Working to expand opportunities for Maryland farmers

Working to expand opportunities for Maryland farmers


In the past six months, the Maryland Sustainable Growth Commission’s Rural Economies Workgroup has been exploring how Maryland can advance a wide variety of rural business ventures. On June 4th, the focus was on food production, aggregation and distribution.

The hope of many Maryland farmers is to gain more access to institutional, restaurant and retail markets. Members of the Food and Food Production subcommittee, including representatives of state departments, Maryland Farm Bureau, MARBIDCO and others, assembled at the Coastal Sunbelt facility in Savage Maryland to learn more about plans to scale up farm food aggregation and distribution. The discussion revolved around the nuts and bolts needed to turn the dream of a more complete local food movement into a reality.

Tracy Ward was the first speaker and she discussed the new Chesapeake Harvest food hub in development on the Eastern Shore, one of about a half-dozen in development around the state. She indicated that produce farmers wanted to grow food year round and that interested farmers are hoping to build 72 high tunnels to extend production beyond the regular growing season. The Food Hub is interested in contract purchasing to provide assurance that there would be markets for what is grown. Tracy outlined the opportunities and challenges for a local food hub.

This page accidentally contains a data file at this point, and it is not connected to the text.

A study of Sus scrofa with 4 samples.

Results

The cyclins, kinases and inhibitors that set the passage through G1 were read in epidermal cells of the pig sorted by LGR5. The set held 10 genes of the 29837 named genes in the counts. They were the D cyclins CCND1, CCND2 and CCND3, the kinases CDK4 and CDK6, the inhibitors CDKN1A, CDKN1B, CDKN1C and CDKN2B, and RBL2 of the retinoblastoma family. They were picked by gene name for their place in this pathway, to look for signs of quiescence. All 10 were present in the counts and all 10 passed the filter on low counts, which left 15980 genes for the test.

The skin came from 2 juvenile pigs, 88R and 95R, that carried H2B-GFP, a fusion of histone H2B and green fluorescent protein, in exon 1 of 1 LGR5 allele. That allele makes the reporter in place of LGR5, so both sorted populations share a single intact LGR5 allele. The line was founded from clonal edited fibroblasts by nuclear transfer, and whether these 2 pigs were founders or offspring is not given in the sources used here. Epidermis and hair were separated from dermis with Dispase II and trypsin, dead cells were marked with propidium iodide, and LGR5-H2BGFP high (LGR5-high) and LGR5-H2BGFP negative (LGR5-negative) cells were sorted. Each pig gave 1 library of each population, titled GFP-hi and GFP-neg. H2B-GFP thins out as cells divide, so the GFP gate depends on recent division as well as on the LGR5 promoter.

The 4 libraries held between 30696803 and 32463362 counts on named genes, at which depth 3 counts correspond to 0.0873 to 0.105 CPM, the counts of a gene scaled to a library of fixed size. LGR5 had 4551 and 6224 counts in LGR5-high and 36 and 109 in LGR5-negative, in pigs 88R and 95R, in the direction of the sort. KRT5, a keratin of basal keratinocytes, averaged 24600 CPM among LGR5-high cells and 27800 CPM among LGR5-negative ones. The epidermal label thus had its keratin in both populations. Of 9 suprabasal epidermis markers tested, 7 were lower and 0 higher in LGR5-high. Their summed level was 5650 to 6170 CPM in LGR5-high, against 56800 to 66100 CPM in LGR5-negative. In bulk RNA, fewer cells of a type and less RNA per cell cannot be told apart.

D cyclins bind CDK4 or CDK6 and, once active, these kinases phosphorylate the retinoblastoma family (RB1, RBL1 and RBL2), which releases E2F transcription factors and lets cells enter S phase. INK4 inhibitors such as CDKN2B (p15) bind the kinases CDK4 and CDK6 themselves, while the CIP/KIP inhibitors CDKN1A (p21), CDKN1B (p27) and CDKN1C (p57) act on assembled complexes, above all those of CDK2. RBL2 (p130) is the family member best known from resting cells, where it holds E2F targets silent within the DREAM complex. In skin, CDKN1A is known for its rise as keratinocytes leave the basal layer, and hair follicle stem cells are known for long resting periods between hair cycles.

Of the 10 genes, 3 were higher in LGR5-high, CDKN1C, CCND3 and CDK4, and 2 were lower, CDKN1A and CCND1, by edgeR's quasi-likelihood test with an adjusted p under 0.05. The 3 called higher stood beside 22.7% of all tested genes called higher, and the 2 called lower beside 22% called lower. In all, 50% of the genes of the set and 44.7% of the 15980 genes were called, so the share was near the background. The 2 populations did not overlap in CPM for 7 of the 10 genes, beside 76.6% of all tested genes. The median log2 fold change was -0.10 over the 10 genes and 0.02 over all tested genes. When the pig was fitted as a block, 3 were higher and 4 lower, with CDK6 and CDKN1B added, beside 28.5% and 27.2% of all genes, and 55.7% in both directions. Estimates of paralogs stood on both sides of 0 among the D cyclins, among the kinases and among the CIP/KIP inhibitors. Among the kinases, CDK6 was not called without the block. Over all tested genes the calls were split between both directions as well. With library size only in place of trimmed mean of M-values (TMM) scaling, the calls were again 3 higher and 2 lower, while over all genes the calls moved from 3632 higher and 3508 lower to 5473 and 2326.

She was followed by Jason Lambros, Vice President of Purchasing at Coastal Sunbelt Produce. He said that his company aggregates a million cases of food regionally and he believes that there is a market demand for triple that number. He noted that his company runs 200 trucks and most come back empty. Most of their produce still comes from California. He would be happy to work with local food hubs to aggregate and distribute food to larger markets.

The Company is also processing a dozen types of salsa on site and food processing will be a  significant part of the new expanded facility to open next year.

Participants left with a clearer picture of the opportunities and challenges to increase food aggregation and distribution from local farms in Maryland. The Food and Food Production subcommittee is expected to forward its recommendations to the Rural Economies Workgroup this summer. Ultimately, the Maryland Sustainable Growth Commission will consider recommendations for legislation and policy changes to be forwarded to the General Assembly.